CSIRO’s PULSE@Parkes project gives high students the opportunity to control the iconic Parkes 64m radio telescope, the Dish, remotely in real time to observe pulsars.
At our most recent observing session on Friday 8 February, 27 Year 11 and 12 Physics students from Danebank Anglican School for Girls visited CSIRO Astronomy and Space Science (CASS) Headquarters at Marsfield. Danebank has an interesting link with radio astronomy. The world’s first female radio astronomy, Ruby Payne-Scott, worked on radar in World War II. Post-war she worked for CSIR, now CSIRO, and conducted the first radio interferometric observations of celestial sources using the sea-cliff interferometer antenna at Dover Heights in Sydney.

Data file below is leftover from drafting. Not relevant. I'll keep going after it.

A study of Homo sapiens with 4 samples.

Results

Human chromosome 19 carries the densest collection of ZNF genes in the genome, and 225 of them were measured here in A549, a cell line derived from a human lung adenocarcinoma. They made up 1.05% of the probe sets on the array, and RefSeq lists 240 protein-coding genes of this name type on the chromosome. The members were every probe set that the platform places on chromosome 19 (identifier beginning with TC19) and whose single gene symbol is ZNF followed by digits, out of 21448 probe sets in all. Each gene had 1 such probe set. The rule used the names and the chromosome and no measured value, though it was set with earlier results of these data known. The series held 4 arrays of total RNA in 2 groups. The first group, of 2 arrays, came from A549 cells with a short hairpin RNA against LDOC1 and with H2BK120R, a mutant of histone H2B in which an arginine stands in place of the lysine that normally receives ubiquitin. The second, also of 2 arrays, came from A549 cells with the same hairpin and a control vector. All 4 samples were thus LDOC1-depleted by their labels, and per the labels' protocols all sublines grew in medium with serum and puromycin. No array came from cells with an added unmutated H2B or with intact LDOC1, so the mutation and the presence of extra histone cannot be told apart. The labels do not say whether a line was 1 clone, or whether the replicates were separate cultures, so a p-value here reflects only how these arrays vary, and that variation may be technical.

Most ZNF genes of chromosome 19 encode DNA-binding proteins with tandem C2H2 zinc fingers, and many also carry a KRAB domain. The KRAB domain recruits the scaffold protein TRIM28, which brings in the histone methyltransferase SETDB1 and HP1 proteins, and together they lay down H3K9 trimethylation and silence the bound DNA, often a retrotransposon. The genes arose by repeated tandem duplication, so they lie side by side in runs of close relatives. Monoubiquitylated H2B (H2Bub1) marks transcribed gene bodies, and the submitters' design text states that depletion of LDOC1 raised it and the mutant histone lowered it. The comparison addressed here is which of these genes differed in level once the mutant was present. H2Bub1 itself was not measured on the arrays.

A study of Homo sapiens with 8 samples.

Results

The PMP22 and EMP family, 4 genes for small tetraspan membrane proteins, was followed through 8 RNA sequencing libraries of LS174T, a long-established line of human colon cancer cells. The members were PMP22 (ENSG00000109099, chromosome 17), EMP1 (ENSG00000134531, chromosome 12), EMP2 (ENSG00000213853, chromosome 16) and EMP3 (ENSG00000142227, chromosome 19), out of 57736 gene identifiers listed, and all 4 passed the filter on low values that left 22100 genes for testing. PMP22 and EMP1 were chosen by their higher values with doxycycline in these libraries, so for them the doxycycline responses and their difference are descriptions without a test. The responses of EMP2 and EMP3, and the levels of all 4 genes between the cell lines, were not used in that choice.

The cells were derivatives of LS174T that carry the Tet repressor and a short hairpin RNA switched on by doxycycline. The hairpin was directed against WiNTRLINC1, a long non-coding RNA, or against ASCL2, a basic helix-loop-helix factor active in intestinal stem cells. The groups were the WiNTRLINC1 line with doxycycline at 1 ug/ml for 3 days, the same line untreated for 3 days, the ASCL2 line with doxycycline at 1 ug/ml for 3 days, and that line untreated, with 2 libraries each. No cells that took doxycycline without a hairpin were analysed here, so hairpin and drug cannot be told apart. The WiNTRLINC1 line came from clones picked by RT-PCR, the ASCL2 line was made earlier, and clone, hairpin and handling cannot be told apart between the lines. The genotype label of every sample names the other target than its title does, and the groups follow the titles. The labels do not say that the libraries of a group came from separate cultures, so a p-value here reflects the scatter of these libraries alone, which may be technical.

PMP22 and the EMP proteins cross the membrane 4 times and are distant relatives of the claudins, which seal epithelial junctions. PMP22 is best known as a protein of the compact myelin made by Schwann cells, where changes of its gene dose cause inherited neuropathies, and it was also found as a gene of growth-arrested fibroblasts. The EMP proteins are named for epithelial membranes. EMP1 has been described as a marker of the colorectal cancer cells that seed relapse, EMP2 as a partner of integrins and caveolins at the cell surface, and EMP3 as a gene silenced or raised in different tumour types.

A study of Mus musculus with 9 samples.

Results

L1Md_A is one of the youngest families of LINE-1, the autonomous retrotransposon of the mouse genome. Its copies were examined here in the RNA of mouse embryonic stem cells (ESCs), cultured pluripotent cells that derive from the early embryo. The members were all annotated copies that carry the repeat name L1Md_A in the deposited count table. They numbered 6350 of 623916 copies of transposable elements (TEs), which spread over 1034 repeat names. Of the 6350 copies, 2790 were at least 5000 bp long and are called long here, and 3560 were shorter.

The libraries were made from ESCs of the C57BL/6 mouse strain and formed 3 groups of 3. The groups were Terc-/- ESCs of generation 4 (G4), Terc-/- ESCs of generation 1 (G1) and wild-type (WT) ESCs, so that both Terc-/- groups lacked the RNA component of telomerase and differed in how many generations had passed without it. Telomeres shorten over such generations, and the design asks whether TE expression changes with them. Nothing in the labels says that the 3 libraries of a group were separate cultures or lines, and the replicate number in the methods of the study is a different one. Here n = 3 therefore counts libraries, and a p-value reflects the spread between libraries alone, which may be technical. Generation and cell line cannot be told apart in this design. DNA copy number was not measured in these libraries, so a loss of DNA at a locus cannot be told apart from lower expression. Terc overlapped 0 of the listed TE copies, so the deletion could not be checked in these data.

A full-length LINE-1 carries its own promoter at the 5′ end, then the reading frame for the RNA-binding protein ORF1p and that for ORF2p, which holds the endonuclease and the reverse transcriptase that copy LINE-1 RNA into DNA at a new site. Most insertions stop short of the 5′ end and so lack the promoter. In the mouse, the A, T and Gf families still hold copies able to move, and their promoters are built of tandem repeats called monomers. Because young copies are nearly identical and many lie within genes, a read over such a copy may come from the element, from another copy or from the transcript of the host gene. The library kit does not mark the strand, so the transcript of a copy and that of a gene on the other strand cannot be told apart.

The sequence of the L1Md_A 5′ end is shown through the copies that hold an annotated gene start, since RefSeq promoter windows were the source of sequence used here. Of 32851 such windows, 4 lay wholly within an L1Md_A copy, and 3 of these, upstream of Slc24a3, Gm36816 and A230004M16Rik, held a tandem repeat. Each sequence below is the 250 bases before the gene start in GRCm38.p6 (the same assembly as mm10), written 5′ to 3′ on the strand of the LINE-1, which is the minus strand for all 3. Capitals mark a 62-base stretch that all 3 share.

PULSE@Parkes Project Scientist, Dr George Hobbs, discussing pulsars with girls from Danebank School in a PULSE@Parkes session.
Unfortunately during the late 40s it was Australian government policy that married women were unable to hold permanent positions. Although she married in 1944 she managed to keep this a secret until pregnant with her first child. She left CSIRO in 1951 and later became a science teacher at Danebank.
Today Danebank commemorates her life and achievements by hosting the annual Ruby Payne-Scott lecture, presented by a prominent female scientists. Several CSIRO Astronomy and Space Science staff members have presented this lecture over the last decade. It was wonderful for CASS to return the favour by hosting such an enthusiastic group of students for PULSE@Parkes.
Anyone can follow an observing session by joining in via twitter: @PULSEatParkes and viewing the online data monitor in a web browser during sessions. Our next observing sessions are on 22 and 25 March.